Casablanca Travel Guide
Introduction to Casablanca
Known by most people as the subject of a classic 1940s film of the same name, Casablanca is Morocco’s largest city. A centre of industry, commerce, and culture, its bustling nature doesn’t exactly endear itself to tourists at first glance.
However, there are still plenty of worthwhile attractions here that will keep you busy for at least a couple of days.
Cultural Attractions in Casablanca
Make the Hassan II Mosque your first destination in Casablanca. The largest of its kind in Morocco, this Islamic hall of worship is known for having the world’s tallest minaret within its inner sanctum, reaching 689 feet into the sky.
Mounted with a beam of light that points towards Mecca at night, this mosque is a sight to behold at night. The mosque is also open for tours during the day (outside of prayer times), when non-Muslims can see its grand interior, decked out with marble and glass floors, gigantic pillars and arches, mosaics, and chandeliers.
Be sure to dress modestly (headscarves for women, and no exposed shoulders or knees for everyone), though, or you might be turned away at the front gate.
Next, spend some time within the Old Medina of Casablanca. Like medinas in other Moroccan cities, it is full of old buildings, shops, and souk stalls selling everything from leather goods to exotic spices.
When you are ready to take a break from the chaos, though, find your way to Rick’s Cafe. Inspired by the film, it re-creates one of its most iconic sets in stunning detail, right down to the pianist, who plays numbers from the movie.
Plenty of Moroccan standards are served here with an exceptional level of quality, so if you are looking to have a splurge meal, make reservations to eat here.
Those looking to satisfy their hunger for artistic excellence in Casablanca will want to pay a visit to Musee Abderrahman Slaoui. A contemporary art museum with an assortment of paintings, jewelry, and glassware situated within a well-designed, intimate space, it displays the collection that businessman Abderrahman Slaoui accumulated over the course of his life. For lovers of beautiful and expensive things, a stop here while in Casablanca is a must.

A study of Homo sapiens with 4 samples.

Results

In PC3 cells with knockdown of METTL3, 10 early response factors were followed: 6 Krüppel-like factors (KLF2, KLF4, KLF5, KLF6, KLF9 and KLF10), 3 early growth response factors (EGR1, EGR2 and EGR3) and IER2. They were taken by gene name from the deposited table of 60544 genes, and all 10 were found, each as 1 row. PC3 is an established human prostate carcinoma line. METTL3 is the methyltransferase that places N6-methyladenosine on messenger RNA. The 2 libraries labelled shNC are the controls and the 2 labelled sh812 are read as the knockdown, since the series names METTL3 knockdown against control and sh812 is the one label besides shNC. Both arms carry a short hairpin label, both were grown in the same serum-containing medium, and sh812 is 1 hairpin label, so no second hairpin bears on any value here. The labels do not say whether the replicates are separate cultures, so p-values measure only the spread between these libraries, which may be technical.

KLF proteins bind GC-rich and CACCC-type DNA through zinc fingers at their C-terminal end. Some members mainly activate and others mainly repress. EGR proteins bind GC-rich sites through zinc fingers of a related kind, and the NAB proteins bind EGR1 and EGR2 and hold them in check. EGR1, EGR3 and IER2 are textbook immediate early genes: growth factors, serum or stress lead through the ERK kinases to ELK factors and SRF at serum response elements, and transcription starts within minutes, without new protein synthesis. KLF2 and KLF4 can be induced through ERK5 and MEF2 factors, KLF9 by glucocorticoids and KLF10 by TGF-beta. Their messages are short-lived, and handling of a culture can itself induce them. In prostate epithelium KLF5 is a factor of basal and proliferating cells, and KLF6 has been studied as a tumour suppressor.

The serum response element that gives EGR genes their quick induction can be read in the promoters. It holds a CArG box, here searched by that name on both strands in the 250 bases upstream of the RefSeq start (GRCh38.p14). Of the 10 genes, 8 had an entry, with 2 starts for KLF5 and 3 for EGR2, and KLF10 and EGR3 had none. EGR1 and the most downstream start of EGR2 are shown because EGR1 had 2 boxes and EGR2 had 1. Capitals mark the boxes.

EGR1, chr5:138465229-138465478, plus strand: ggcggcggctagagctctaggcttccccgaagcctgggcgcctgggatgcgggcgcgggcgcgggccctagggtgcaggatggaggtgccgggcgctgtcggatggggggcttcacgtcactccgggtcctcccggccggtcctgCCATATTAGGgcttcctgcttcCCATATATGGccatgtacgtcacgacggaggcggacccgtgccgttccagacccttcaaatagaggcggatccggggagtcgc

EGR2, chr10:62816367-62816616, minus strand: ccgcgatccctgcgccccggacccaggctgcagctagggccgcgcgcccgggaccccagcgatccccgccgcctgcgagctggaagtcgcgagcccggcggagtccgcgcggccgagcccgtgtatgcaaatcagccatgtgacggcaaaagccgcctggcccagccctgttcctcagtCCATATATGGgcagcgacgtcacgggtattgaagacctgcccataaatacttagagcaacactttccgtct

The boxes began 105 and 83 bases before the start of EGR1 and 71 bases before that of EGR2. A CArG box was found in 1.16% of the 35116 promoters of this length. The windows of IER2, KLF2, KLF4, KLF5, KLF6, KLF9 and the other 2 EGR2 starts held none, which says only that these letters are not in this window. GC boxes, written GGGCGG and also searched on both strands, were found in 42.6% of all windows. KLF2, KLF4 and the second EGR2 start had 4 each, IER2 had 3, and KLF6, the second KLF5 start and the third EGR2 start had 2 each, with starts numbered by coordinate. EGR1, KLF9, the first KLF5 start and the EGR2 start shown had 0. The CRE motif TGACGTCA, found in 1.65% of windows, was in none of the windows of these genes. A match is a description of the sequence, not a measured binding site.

Located across from the Old Medina of Casablanca is the Quartier Habous. Also known as the New Medina, this space was built by the French starting in 1918 in response to an influx of migrants who were making their way into the city from the interior.
As such, the buildings, while distinctly Moroccan in style, have a French flair to them, and they are in better shape overall compared to structures in the older part of town. Like the Old Medina, the streets of the Quartier Habous are filled with market stalls, shops, cafes, and restaurants.
However, there is a special emphasis on artisans and booksellers here, making the Quartier Habous a great place to pick up souvenirs or a new paperback for the road.
If you want to mix with the locals when they are off work, spend some time on The Corniche. On evenings and weekends, residents come here en masse to cool off in the stiff sea breezes blowing off the Atlantic. As a result, there are many things to do along its length, with restaurants and cafes with al fresco seating, malls, beach clubs, among other diversions.
If you really need to beat the heat, Ain Diab Beach is where locals head when they feel like taking a dip in the ocean. Take note, however: the Atlantic is not the Mediterranean. The water is here is lukewarm at best, and is often chilly. It is also notorious for having a nasty riptide at times, so swim with care.
Looking to sample the best local food in Casablanca? Marché Central is where you’ll want to head, as this market is well-known for serving up huge platters of fish, steaming bowls of seafood soup, and fresh loaves of bread.
This place is another excellent location to hang out if you want to watch as everyday Casablancans go about their lives.